Space films nurture research
Both science fiction and space research seeks answers to the big questions. However, scientists seem to have much greater confidence in the future than filmmakers.
This was the case when Sandra Bullock was struck by space debris in the thriller, Gravity, and so it is again with Ridley Scott's upcoming blockbuster film about astronauts' life on Mars , says Anna Åberg, researcher at the Department of History of Technology at KTH.
"Obviously NASA wants to contribute a scientific perspective. One wants the films to provide as accurate a factual picture as possible. As a bonus, it can have other positive effects, such as inspiring filmmakers about ideas that you are passionate about. And, on a general level, it can strengthen the common man's interest in space exploration."
Åberg says NASA's increasing interest in film coincided with budget cuts the agency experienced, due in large part to the end of the space race — and Cold War — between the US and USSR. By engaging cinema audiences, NASA hopes to strengthen support to offset the cuts in the space program.
"Few other disciplines have earned so much in the film industry as space research," she says. "Science fiction adventures both inspire new developments and generate popular support for resource-intensive research."
Violence and conflict sells better
But above all, space science and science fiction films generate their appeal with the big existential questions that both seeks to answer, Åberg says. Where did life begin, and where will it end? Are we alone in the universe? If there are other beings, are they threatening?
While science has a positive or neutral approach — to push the boundaries and find new materials, discover and explore new places and living conditions — the tone for science fiction films is often dystopian, focusing on impending disasters and threatening strangers.
It is not so surprising, Åberg says. The logic of the film industry is that violence and conflict sell better.
"To paint the pessimistic scenario serves as a way to process our fears and to prepare us for what may happen in the future," she says.
Important role of democracy
Films' advanced and imaginative technologies influence both laymen and experts in very tangible ways. For example, human robots in the movies, or cyborg characters like Terminator, impact on public attitudes to prostheses in health care, according to surveys Åberg has done. On the other hand, prosthetic scientists, astronauts and space scientists in general attest to the influence of sci-fi movies in their career choices, she says.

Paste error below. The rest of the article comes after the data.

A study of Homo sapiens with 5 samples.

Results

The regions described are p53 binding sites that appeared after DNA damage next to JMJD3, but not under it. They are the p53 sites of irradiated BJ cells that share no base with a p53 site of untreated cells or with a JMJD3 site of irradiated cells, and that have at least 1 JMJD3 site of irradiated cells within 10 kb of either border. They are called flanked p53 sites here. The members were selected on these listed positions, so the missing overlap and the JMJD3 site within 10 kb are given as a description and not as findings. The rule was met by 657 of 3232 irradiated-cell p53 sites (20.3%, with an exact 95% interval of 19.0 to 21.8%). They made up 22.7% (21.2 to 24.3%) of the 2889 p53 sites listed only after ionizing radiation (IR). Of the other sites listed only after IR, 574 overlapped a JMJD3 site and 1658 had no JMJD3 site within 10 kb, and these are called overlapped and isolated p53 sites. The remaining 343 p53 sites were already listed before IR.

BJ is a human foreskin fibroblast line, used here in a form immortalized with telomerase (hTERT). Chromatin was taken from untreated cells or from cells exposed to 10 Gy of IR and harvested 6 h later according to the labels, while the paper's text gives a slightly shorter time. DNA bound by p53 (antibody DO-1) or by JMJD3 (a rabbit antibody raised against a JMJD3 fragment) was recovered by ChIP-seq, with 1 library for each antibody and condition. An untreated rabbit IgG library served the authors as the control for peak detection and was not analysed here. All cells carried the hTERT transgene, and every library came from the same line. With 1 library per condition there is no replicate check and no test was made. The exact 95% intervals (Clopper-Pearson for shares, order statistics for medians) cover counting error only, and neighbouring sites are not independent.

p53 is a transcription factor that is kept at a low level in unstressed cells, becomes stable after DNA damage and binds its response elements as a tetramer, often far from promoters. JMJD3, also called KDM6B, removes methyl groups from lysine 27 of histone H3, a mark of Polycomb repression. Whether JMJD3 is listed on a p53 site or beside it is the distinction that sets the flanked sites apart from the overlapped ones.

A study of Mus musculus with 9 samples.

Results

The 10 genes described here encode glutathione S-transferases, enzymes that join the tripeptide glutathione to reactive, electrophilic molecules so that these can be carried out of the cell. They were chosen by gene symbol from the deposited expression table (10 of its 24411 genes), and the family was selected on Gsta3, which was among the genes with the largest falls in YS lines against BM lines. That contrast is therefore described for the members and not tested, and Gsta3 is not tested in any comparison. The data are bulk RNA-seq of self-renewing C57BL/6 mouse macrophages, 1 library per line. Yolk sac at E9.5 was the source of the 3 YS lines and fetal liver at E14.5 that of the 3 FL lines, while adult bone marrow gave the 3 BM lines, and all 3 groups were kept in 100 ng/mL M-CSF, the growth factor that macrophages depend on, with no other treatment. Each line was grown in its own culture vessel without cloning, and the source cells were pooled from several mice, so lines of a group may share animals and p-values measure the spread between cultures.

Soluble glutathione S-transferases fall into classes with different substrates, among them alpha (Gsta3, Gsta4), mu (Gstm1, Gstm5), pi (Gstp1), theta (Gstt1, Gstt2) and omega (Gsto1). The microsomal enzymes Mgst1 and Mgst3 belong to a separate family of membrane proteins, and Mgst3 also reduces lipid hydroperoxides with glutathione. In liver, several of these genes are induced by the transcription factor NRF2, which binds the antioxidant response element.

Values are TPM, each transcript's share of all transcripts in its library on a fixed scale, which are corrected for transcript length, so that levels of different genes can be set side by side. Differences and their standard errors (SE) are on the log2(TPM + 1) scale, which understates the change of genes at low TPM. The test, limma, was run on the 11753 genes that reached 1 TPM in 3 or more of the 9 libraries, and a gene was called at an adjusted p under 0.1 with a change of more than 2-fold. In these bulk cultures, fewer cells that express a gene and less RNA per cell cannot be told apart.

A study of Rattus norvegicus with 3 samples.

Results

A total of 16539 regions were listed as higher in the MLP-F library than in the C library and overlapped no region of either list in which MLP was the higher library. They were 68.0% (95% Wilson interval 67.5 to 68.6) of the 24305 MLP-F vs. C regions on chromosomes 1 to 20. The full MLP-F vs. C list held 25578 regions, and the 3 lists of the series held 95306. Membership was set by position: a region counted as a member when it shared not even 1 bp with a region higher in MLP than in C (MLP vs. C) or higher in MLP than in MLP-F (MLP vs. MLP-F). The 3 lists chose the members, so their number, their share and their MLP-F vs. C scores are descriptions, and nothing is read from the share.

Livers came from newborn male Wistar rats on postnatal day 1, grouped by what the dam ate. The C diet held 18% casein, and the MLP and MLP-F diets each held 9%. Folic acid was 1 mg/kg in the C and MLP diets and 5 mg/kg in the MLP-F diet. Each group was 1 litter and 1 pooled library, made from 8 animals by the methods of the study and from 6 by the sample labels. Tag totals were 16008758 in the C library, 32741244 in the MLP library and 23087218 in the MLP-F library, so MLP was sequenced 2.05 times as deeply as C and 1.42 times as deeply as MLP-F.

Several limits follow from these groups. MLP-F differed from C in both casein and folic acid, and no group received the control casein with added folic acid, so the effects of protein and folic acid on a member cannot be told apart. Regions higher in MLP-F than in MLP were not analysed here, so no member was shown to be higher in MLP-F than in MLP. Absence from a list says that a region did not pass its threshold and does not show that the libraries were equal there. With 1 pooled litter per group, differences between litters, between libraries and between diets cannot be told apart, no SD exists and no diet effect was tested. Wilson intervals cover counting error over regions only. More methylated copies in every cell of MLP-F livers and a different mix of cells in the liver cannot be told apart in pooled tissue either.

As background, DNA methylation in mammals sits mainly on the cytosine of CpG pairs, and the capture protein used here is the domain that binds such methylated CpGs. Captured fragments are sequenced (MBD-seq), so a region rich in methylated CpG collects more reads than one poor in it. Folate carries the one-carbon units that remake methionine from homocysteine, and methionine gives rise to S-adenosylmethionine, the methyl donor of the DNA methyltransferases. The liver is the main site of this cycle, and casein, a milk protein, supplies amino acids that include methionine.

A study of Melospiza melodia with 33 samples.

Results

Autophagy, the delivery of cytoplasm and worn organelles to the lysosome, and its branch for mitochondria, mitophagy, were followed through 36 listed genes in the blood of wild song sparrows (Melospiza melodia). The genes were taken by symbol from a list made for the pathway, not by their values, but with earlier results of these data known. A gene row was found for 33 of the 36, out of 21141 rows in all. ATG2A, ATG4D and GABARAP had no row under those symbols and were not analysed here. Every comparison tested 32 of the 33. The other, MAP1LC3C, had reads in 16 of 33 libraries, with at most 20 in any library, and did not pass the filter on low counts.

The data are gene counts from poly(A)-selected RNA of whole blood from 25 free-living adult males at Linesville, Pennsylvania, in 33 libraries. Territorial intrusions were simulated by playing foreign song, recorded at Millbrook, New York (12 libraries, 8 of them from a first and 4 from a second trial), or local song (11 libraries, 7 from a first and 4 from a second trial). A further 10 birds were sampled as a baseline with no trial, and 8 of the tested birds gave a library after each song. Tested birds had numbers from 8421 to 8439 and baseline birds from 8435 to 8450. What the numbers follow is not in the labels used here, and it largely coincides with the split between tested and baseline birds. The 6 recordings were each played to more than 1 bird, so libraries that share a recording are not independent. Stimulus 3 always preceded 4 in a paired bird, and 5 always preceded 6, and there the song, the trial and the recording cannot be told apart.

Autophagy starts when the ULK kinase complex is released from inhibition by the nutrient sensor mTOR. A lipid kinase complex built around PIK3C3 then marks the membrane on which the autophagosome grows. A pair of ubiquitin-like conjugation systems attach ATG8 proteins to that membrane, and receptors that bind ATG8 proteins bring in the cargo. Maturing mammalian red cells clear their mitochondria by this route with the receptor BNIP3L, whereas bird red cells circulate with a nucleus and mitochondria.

How do influences usually work out? Is it the movies go first and then science follows?
"No, it is rather an interaction that can be difficult to sort out. Both serve and benefit from each other. Moreover, there are researchers who are also science fiction writers, and that is perhaps a good idea of how the relationship looks."
The films also fulfill an important function as a catalyst in community discussion she says. Research-critical debates followed in the wake of cyborg films, addressing such issues as the fear of robots becoming super soldiers in future wars.
"High-tech solutions are part of society, but the technology both solves and creates problems. Fiction is based on what is already there, and plays off of that. If a film invites a discussion on the future use of technology, then it plays an important role in the democratic discussion."
Some years ago, Åberg KTH introduced a course, "Science goes fiction," about fiction's significance for technological science.
"Fiction is one of the most important platforms for interaction between scientists and the public, because it is also important for students to gain insight into the issue."